Chicago's ranks of beat cops dwindleAnd, though buried, our 19th district is the star of the show.
Beat officers down by 10% since 2011, despite hiring efforts
BTW, our district has lost a higher percentage of officers than any other district mentioned in the Tribune story — by far. And the Tribune's report of a 21% reduction in 19th district officers was true at the end of last year. We proceeded to lose even more in the first week of January, bring us to a 25% loss of officers.
Among the story's highlights:
• By fall 2011, months after taking office, Mayor Rahm Emanuel said he had fulfilled a campaign pledge to move some 1,000 cops to beat patrols to beef up the Police Department's front lines in the fight on crime.
But in the more than two years since then, those numbers have plunged by hundreds of cops, the city's own data show.
• Over the past five years, police districts on the North and Northwest sides took the biggest hits in manpower, while staffing grew in districts in higher-crime neighborhoods on the South and West sides, the data show.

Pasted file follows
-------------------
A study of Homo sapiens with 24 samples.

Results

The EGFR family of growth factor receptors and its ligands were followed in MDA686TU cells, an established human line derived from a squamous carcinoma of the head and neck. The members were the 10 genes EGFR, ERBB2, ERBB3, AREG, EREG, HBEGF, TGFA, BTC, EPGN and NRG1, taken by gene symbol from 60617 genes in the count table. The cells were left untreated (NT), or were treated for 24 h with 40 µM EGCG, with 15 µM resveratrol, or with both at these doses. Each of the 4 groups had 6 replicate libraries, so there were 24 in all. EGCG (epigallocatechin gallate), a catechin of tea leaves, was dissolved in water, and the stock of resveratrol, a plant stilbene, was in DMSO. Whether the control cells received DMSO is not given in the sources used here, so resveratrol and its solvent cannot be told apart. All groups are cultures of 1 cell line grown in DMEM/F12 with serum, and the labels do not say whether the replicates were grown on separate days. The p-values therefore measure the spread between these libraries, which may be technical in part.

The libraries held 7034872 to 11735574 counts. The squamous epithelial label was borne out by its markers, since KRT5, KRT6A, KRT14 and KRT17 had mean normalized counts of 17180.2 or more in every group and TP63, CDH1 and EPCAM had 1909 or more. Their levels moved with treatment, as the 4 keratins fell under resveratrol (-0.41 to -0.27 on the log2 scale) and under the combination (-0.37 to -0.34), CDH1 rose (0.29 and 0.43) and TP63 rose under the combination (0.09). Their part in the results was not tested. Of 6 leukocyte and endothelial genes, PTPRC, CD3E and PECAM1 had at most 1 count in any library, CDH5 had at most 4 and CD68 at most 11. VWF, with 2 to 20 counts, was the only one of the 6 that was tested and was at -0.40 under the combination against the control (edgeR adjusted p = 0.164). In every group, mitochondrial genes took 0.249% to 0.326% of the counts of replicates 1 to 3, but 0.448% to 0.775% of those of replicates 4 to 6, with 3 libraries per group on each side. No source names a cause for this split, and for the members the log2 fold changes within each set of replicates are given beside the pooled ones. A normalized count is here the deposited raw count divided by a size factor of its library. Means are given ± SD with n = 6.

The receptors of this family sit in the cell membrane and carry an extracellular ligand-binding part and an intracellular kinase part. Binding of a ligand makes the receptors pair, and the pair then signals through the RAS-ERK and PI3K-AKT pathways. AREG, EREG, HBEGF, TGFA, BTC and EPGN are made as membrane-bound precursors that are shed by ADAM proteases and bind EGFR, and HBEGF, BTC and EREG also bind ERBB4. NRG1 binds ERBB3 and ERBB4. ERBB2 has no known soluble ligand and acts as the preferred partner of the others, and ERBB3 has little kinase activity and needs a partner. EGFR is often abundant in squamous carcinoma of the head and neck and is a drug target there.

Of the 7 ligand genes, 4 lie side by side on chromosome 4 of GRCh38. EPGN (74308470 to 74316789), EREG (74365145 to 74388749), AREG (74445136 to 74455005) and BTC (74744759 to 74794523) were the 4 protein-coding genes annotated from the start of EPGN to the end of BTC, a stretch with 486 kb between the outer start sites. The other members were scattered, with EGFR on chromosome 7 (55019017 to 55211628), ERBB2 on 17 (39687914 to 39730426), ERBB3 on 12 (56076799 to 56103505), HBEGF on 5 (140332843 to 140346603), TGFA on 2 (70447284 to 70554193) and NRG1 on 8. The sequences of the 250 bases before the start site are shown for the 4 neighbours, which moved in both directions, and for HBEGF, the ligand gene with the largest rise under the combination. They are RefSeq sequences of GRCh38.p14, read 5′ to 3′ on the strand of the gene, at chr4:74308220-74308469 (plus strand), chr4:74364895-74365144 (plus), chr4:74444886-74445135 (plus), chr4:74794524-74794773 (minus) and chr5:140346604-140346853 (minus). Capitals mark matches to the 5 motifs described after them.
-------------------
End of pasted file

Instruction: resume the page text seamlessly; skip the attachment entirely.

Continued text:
• Robert Lombardo, a criminologist at Loyola University Chicago, stressed the importance of maintaining adequate staffing throughout the districts, even those facing less violence and crime.
"It is not just about assigning (officers) to hot spots," said Lombardo, a Chicago cop for 30 years who retired as a sergeant. "There is the whole issue of (crime) prevention and having enough officers to properly work the beats."You'll need to register to read the whole story, but it's a quick and free.